Page 45 Review by Stephen
"I've seen and done many strange things!
"I've understood some of what's transpired, not all!
"But it's started me thinking!
"And perhaps that was all I needed!"
Or perhaps some lysergic acid diethylamide-25 would come in handy.
Writer Jim Starlin was particularly partial.
Otherwise this was brave back then but now pretty impenetrable, buried under a mountain of hand-wringing prose so deeply purple that it tinted the skin of the Titan within. The Titan in question being Thanos, son of Mentor and brother of Eros, who's set his sights on conquering Saturn's moon and thence the universe itself. Via planet Earth, obviously, or why would we even know?
Meanwhile, Thanos conducts an admirably platonic love affair with Death. That woman always gets the last laugh with us mere mortals, but here she doesn't even try to get a word in edgeways. Very wise: if she had eyebrows, they would probably arch.
Artistically, it is fascinating to witness a young Jim Starlin develop on the page, at first hindered by the ham-fisted inking of weakling Chic Stone (who never did anyone a visual favour) then embellished by the increasingly competent hands of Dave Cockrum, Pablo Marcos and finally the criminally underrated Dan Green.
Historically, it is interesting to note that this is where the good Captain's hair does the reverse of turning grey and goes blonde instead, just as he achieves Cosmic Awareness. So there's half your repertoire of jokes null and void.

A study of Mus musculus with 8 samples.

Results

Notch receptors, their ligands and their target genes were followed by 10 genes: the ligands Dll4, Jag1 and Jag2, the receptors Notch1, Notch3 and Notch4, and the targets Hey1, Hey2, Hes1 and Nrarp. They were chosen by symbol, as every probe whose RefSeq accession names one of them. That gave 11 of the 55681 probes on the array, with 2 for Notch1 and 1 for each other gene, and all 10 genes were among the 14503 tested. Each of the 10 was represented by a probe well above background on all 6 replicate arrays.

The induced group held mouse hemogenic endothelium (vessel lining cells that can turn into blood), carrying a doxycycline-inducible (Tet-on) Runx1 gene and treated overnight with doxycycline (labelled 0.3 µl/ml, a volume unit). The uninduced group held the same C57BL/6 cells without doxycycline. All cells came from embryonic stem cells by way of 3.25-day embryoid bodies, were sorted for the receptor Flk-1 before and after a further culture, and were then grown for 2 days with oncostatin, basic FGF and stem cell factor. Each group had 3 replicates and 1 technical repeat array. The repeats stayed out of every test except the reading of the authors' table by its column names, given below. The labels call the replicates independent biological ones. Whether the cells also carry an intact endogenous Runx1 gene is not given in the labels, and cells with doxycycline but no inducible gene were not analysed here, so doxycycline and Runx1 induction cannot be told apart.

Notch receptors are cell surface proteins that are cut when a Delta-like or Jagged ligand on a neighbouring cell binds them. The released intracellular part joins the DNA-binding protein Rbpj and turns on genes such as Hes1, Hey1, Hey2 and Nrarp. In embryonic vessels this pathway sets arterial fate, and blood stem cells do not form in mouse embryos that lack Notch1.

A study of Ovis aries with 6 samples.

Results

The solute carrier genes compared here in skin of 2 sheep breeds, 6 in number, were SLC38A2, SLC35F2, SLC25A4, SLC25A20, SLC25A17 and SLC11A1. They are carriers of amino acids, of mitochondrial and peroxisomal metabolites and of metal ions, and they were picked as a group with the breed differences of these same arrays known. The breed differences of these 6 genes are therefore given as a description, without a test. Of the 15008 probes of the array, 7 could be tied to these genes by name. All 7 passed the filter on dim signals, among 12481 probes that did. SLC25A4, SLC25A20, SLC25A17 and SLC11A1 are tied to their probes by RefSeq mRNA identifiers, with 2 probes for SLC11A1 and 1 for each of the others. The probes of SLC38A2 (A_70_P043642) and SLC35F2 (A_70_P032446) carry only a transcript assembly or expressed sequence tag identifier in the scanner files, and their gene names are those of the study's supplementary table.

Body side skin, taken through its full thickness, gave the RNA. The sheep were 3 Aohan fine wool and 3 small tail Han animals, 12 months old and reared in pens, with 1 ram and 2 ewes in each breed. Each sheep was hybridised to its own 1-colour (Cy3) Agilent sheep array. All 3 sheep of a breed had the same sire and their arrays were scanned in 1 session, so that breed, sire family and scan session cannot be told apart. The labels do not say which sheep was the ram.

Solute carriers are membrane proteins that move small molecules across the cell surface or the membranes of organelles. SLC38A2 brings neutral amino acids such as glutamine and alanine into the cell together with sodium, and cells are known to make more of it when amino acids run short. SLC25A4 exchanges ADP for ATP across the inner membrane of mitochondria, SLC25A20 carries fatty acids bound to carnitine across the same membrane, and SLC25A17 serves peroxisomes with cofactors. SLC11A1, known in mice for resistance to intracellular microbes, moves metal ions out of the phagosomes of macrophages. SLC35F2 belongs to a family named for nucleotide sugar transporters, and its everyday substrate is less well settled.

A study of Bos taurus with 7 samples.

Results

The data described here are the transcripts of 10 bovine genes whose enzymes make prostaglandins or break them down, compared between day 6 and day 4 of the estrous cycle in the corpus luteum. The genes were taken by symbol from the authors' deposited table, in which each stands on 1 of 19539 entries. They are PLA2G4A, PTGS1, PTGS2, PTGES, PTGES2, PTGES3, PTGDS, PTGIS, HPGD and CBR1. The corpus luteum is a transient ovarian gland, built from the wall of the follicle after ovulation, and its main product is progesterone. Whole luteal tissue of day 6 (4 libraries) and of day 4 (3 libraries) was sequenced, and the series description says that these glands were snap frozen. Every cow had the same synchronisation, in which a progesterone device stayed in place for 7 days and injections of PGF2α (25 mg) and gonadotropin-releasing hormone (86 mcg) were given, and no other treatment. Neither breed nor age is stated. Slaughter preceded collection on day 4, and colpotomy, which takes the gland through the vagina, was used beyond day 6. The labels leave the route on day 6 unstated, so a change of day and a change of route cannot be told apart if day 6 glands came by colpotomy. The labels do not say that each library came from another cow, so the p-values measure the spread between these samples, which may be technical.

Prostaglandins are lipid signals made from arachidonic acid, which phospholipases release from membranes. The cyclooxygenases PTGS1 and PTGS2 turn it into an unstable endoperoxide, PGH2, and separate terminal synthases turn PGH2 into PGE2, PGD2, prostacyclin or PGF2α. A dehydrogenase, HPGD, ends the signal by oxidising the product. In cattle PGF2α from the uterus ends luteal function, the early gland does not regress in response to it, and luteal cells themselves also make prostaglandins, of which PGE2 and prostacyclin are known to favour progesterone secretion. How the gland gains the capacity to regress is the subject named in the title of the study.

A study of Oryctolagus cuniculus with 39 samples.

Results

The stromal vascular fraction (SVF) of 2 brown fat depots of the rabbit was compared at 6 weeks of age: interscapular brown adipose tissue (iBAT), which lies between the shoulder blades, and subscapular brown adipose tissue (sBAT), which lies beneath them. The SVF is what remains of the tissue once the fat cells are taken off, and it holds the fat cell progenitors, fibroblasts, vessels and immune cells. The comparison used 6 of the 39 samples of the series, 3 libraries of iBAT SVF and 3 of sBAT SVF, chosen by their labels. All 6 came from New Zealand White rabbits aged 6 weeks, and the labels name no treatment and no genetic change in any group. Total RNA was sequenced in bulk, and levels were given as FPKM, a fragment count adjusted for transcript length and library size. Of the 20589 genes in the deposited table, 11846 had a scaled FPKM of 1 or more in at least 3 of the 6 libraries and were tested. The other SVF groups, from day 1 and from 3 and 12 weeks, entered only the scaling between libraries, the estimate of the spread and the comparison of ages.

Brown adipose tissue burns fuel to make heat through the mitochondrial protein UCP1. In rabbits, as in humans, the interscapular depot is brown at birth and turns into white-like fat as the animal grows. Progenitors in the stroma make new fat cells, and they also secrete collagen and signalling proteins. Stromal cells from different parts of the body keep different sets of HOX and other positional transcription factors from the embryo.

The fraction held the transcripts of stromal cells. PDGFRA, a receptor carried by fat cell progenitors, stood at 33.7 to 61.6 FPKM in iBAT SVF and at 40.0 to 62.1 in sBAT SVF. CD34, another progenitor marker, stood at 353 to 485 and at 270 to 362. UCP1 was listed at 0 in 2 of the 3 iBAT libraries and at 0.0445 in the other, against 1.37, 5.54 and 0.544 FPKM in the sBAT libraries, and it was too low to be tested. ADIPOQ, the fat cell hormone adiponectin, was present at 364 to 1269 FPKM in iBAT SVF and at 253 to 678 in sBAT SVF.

Increasingly angry about the Titan's transgressions, our Kree warrior Mar-Vell is taken aside by higher, universal entities like Kronos and Eon and possibly even Eternity to be taught "enlightenment through discipline and training". Only then can he take on an enemy who, using the Cosmic Cube which makes all dreams come true, has turned himself into a God. Thanos doesn't make particularly good use of it, though. Scratch that: after searching so long for the Cosmic Cube, Thanos appears to manifest no plans for it whatsoever. If I got my paws on the Cosmic Cube I would, at the very least, clear my credit card debt and make sure Aqua's 'Barbie Girl' never, ever existed.
Meanwhile teenager Rick Jones, bonded to Mar-Vell via Nega-Bands, cries like a Brony whose MY LITTLE PONY has sacrificed its unicorn virginity to Satan's engorged and wart-ridden cock.
Don't get me wrong: I have all the individual issues and lapped them up as a drunken early teenager, but this is basically Starlin's earliest Captain Marvel stories rudely interjected by an awful lot of offal (the inverse of editing) or you could look at it as all the earliest Thanos appearances outside of Starlin's perfectly coherent CAPTAIN MARVEL and WARLOCK collections which are available separately and highly recommended because they eschew all this stringy, jaw-straining junk.
However, just so you know, this collects IRON MAN (1968) #55, CAPTAIN MARVEL (1968) #25-33, MARVEL FEATURE (1971) #12, DAREDEVIL (1964) #105-107, AVENGERS (1963) #125, WARLOCK (1972) #9-11 and #15, AVENGERS ANNUAL (1967) #7, MARVEL TWO-IN-ONE ANNUAL #2, and material from LOGAN'S RUN #6.